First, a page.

This week I want to revisit the subject of civility. Several weeks ago I was being interviewed by a reporter with The Salt Lake Tribune. His questions dealt with the legacy of Jon Huntsman Jr. as our governor. In the course of a rather lengthy conversation I characterized the governor and his family in not so flattering terms. After the story printed and complaints about my comment started to pour in, I could see that I needed to apologize for the comment…and I did.
Of course, just two weeks ago, a congressman from South Carolina interrupted President Obama’s speech before Congress with a shout of “You lie!” He was immediately excoriated in the press and chastised by his congressional colleagues. He, too, apologized for his comment.
In both cases, there were voices cheering on the comments. In my case, the most consistent reaction among folks who don’t care for Jon Huntsman was “you only said what everyone was thinking.” And I’m sure a similar reaction has been offered, times thousands, to the disruptive congressman.
That might be true – “you only said what everyone was thinking” – but, for me anyway, that doesn’t justify what was said.
Civility is an interesting word with many meanings. Yale law professor Stephen Carter has suggested several basic rules of civility. For instance, he writes that “our duty to be civil toward others does not depend on whether we like them or not.” And he believes that “civility requires that we sacrifice for strangers, not just for people we happen to know.”
Here are some other thoughts from Professor Carter,
“Civility requires that we listen to others with the knowledge of the possibility that they are right and we are wrong.”
“Civility requires that we express ourselves in ways that demonstrate our respect for others.”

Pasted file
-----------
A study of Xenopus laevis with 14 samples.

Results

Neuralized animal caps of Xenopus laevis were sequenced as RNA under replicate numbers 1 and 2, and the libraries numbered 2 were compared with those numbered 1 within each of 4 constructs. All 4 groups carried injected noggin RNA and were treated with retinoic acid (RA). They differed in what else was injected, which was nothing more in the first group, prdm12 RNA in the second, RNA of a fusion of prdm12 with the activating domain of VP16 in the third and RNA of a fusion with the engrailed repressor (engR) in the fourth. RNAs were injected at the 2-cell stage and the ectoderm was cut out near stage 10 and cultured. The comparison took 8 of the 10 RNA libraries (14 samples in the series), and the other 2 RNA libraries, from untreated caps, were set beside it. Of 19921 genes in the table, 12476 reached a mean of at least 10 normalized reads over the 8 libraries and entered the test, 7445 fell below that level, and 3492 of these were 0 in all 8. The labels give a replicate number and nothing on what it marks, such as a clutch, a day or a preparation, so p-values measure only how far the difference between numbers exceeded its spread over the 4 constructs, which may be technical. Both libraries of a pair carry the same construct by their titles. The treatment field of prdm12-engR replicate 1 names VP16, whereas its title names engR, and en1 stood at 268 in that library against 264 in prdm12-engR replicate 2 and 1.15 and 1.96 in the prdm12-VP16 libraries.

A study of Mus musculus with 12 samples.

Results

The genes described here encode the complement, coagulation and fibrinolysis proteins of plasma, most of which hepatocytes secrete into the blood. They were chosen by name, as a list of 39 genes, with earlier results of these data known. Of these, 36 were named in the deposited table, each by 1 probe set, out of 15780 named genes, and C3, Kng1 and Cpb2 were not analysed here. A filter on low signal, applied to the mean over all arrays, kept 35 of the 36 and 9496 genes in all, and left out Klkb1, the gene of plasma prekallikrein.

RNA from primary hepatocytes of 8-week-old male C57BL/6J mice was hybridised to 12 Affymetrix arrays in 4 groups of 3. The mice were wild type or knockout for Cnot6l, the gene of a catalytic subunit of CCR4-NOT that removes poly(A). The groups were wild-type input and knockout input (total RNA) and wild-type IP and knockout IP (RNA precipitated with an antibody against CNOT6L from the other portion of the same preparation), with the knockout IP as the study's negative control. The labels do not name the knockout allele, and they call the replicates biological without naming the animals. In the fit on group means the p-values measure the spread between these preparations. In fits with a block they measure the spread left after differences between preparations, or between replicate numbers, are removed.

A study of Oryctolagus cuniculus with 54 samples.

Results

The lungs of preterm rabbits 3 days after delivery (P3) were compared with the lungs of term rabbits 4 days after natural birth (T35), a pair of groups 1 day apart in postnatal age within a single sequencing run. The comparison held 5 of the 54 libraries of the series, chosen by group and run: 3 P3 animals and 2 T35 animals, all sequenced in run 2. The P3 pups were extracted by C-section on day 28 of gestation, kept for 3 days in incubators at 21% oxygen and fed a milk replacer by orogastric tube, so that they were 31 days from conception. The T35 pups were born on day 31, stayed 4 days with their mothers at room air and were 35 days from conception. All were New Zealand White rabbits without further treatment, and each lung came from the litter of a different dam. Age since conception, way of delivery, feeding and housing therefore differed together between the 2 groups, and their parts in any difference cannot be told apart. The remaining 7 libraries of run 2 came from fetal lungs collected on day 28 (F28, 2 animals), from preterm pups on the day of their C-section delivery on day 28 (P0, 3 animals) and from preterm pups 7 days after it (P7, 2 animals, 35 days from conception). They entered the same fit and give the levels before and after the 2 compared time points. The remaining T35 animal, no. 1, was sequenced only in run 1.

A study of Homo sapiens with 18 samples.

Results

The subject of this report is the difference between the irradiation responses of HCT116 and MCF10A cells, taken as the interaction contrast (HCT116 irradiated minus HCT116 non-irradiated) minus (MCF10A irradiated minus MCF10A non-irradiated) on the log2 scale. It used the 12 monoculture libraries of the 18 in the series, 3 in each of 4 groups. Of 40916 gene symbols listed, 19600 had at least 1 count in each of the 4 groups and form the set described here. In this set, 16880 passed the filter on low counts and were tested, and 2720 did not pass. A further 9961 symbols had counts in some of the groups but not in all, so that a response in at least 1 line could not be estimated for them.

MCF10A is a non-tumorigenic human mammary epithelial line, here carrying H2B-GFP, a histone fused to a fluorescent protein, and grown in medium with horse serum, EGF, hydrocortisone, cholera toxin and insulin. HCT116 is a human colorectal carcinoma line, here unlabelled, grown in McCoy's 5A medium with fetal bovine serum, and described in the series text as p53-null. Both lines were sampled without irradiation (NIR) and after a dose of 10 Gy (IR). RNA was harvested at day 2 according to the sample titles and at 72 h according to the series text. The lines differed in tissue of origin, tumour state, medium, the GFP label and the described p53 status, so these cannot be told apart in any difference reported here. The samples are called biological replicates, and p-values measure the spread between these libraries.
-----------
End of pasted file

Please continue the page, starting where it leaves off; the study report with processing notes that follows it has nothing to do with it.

“Civility allows criticism of others, and sometimes even requires it, but the criticism should always be civil.”
Professor Carter has many more suggestions. Now, here’s the deal: I have studied this book. In many ways it has become a Bible to me. I have made my staff read the book. I have given it out as gifts. And yet, not one part of that book came to my mind when I made a rude public comment about the former governor.
After the congressman blurted out his now infamous comment to President Obama, nationally-syndicated columnist Thomas Sowell, a scholar at the Hoover Institution at Stanford University, authored two columns titled “Listening to a Liar,” parts one and two. He, too, called President Obama a liar, twice, and he did it in writing and has offered no apologies. What’s the difference between Sowell’s remarks and the congressman’s? I’m not sure I really know but I can venture two guesses. First, the setting was different. Civility has something to do with timing. It’s one thing to express yourself in a newspaper, after the fact, and another thing to yell the same thing in the person’s face while disrupting an event that’s not yours to disrupt.
Second, the congressman called the President a liar about an issue that maybe the congressman got wrong. In other words, maybe the President wasn’t lying at all. Thomas Sowell was very exact about the terms he was using to call the President a liar – so exact he took two full weekly columns to do it.
Is there ever a time to call-out a liar at a public event? Probably. But I think the rule has some very high standards, not the least of which is that you better be right.
Maybe one good rule of thumb is to not vent in the spur of the moment in public. I’ve sat through too many of my boys’ basketball games and have embarrassed myself, my friends, and my boys not to finally take my own advice.
For the Sutherland Institute, I’m Paul Mero.